MADD: it’s time for auto industry to develop drunk driving tech

Most of us realize that drunk driving continues to be one of the biggest dangers to St. Louis motorists and pedestrians, but the numbers on the website of the Missouri chapter of Mothers Against Drunk Driving really make the enormity of the problem clear. MADD says 28 people die every day across the U.S. in motor vehicle crashes caused by drunk drivers – that’s one fatal crash every 51 minutes of every day.

The organization also points out that there are 290,000 injuries caused by intoxicated motorists per year. That averages out to 794 injuries per day in the U.S., or 33 per hour.

The national president of MADD recently wrote that is time for the automakers and technology leaders to step up and deliver a system that can prevent people who have had too much alcohol to drink from driving.

Helen Witty wrote that it’s time for those industry giants “to accelerate the development of vehicle technology that would prevent a drunken driver from operating a vehicle and to make this technology available to consumers as soon as possible.”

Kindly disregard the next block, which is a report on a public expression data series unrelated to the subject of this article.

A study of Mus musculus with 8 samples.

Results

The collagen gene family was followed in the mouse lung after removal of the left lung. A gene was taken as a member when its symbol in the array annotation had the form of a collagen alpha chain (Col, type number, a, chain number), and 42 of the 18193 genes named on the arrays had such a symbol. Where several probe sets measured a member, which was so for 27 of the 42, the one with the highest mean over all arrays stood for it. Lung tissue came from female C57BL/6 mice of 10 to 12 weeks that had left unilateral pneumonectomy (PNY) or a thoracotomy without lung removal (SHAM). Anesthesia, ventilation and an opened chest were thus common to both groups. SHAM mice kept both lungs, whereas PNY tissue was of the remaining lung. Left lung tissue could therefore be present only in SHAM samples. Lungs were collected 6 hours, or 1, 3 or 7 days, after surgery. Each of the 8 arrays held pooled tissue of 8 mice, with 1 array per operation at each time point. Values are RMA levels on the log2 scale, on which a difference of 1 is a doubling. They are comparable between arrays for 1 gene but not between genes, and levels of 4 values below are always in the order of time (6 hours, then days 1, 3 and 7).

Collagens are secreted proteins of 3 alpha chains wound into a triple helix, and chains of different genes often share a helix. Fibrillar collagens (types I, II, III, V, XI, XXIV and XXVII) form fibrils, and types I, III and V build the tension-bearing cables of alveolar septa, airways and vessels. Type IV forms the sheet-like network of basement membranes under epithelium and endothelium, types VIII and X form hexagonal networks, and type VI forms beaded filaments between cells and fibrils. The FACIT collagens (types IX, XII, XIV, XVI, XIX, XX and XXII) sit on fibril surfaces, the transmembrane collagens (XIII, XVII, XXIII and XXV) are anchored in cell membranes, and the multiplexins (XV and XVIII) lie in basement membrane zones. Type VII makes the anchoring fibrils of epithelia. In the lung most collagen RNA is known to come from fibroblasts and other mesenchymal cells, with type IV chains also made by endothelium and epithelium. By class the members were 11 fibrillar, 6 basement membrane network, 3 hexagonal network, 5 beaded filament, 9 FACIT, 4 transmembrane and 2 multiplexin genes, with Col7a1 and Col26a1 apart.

Witty makes a good point. After all, new cars can park themselves, clean their own windows, tell drivers when they are drifting in their lanes and much more. There is no good reason why manufacturers and their technology partners cannot develop a system that would prevent drunk driving and save lives.

Witty points out the Insurance Institute for Highway Safety estimates that such a system could save 7,000 lives per year.

She also notes that development of passive drunk-driving-prevention systems is underway. One system is touch-based and one is breath-based, but neither is yet available to car buyers. Many observers suspect that development of the systems languishes because they’re not viewed as “sexy” vehicle enhancements.

Those injured in St. Louis car crashes caused by impaired drivers can pursue maximum compensation for damages with the help of a qualified personal injury attorney.